How can one obligate people to do something only to create a situation where compliance with that obligation is impossible, Mehis Tamm wonders? He takes Elron’s replacement bus to work. The 2+2 proximity rule is one of the few emergency situation measures to remain in effect, even though people cannot be realistically expected to comply.
People are reminded to stick to the 2+2 rule every day, while it has become increasingly complicated as society has opened up. Public transport remains one of the most problematic areas.
Mehis Tamm also took the train during the emergency situation when there were far fewer passengers and departures and people had no choice but to take the trains that were left.
Now, the Rapla train has been replaced with a bus due to repair work on the railroad. “We used to have bags between seats on buses, but not anymore. Because a lot of people get on and off at every stop, it is very difficult to maintain a distance of two meters,” he explained. Tamm said that the bus was so full on Sunday that many passengers were forced to stand. “When a woman coughed, you could feel everyone fidget,” he said.
National passenger carrier Elron explained that passenger figures dropped by 90 percent at the height of the crisis and observing the 2+2 rule was not a problem. Passenger figures have been growing again since May, while Elron says they remain 40 percent below last year’s capacity.
Not enough buses or trains
“People must observe the 2+2 rule when there is enough room on the train or bus to do so, while the police has been put in charge of monitoring compliance,” Ronnie Kongo, head of communications for Elron, said when asked what about a situation where there is not enough room on the train to observe the rule. “Public transport has not been ordered to run empty. It would also not be possible – there wouldn’t be enough buses or trains to facilitate current demand.
Elron switched to a busier timetable on May 11 and is set to add new departures on the southwestern routes from June 8 and return to the regular timetable on the Aegviidu heading.
“While renovation work is standing in the way of it elsewhere, we plan to return to the regular timetable everywhere once that’s done,” Kongo said.
“Unconditional compliance with the 2+2 rule would require public transport services to be severely limited (Elron lacks additional trains, commercial carriers would have to cease operations etc.) and a ban on people entering vehicles in stops, also in sparsely populated areas where people often have no other means of transport,” Minister of Economic Affairs and Infrastructure Taavi Aas (Center) explained.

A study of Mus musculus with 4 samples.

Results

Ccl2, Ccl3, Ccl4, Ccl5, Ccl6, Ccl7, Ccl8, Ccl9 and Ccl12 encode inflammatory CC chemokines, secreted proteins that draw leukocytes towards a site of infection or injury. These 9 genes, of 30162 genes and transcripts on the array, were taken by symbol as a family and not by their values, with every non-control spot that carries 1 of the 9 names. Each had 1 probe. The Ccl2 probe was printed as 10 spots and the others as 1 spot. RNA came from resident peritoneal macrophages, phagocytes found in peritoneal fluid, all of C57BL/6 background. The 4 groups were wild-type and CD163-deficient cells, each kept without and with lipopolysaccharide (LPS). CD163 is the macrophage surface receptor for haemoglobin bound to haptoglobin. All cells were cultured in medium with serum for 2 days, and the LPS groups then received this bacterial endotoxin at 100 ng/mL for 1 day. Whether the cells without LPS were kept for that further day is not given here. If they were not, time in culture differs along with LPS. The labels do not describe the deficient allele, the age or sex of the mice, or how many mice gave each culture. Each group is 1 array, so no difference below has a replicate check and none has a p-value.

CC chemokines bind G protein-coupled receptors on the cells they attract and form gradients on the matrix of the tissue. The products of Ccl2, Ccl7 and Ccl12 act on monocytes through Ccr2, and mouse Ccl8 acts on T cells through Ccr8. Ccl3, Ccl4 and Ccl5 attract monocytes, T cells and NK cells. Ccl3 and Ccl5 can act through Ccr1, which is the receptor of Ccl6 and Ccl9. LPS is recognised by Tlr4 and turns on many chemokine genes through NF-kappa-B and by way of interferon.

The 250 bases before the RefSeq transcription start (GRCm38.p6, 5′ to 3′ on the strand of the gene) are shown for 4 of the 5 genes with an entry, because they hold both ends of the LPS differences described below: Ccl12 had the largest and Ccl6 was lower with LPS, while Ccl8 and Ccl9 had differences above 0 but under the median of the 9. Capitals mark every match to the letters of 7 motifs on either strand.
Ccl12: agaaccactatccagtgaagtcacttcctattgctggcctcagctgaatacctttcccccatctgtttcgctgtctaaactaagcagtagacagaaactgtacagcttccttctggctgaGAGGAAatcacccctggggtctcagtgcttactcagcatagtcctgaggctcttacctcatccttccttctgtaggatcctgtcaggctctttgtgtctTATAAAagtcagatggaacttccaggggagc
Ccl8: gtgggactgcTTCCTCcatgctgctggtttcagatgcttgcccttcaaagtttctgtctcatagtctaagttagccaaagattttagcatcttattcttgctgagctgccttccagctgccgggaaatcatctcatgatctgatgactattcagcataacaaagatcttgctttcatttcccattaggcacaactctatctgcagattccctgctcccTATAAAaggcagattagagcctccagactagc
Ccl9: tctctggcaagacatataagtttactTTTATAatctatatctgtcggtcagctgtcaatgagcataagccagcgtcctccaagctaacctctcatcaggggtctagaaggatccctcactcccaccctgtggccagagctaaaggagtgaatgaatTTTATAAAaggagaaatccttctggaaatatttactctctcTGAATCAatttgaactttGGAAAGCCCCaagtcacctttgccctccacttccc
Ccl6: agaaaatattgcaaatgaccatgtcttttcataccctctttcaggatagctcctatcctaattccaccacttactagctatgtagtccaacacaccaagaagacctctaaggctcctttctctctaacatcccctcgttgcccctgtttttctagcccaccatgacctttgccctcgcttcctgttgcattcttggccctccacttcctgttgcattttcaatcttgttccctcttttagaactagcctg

Therefore, it is impossible to observe the 2+2 rule on public transport. “Such an approach would not be sensible.”
“If there is enough room, people should keep the required distance from others. If it is impossible, Health Board guidelines urge passengers to be cautious and wear masks,” the minister added.
The board’s reply to Postimees reveals that the 2+2 rule does not apply on public transport vehicles.
“We recommend avoiding crowded public transport vehicles if possible and keeping distance from other passengers when taking them,” the board’s head of communications Simmo Saar said. He added that giving people space helps contain the spread of infectious diseases. The coronavirus spreads in close contact or when people are closer together than two meters for 15 minutes.
“These rules are meant to protect people’s health based on universal compliance, urge them to be cautious and keep their distance from others when going shopping or using public transport,” Aas explained in terms of why a rule than cannot be followed needs to remain in effect. “Rules help people go about their business, while they teach us to coexist with the virus. I believe people are very serious about safeguarding their own health and that of others.”
At the same time, it is a rule compliance with which was monitored by the police during the emergency situation and is now monitored by the Health Board.
Leading maintenance of law and order officer for the Police and Boarder Guard Board (PPA) Tago Trei said that Estonia still has a health emergency and the virus has not disappeared. “When police officers notice restrictions on movement violations, they talk to people and explain the risks accompanying public gatherings. We forward information of continued violations to the Health Board that can order fines if necessary,” he added.
According to Simmo Saar, the board has been notified of violations by the police.
“Because people usually understand the need to keep their distance after talking to the police, we have not ordered financial punishments,” he said.
Head of the government’s communication bureau Urmas Seaver said that the rule is there to stop the coronavirus from spreading. “That said, it needs to be applied in accordance with common sense, for example, in situations where it cannot be sensibly observed due to the nature of work or other activities.”
He added that the COVID-19 government committee convenes weekly, while the government has not yet decided when the 2+2 rule could be dropped.
Epidemiologist and member of the government’s scientific council Irja Lutsar said they will soon recommend the 2+2 rule to be abolished.
“Because Tuesday saw a lot of other measures lifted, we did not want to include the 2+2 rule then, but it will happen soon,” Lutsar said. She added that while there will no longer be a rule, the council’s recommendation is for people to still keep their distance from others where possible.
Should a second wave of the virus come in fall, Lutsar suggests people avoid public transport. “Of course, no one can cycle or walk from Põlva to Tartu, for example. The obligation to wear masks when taking public transport would be seriously considered then,” Lutsar explained.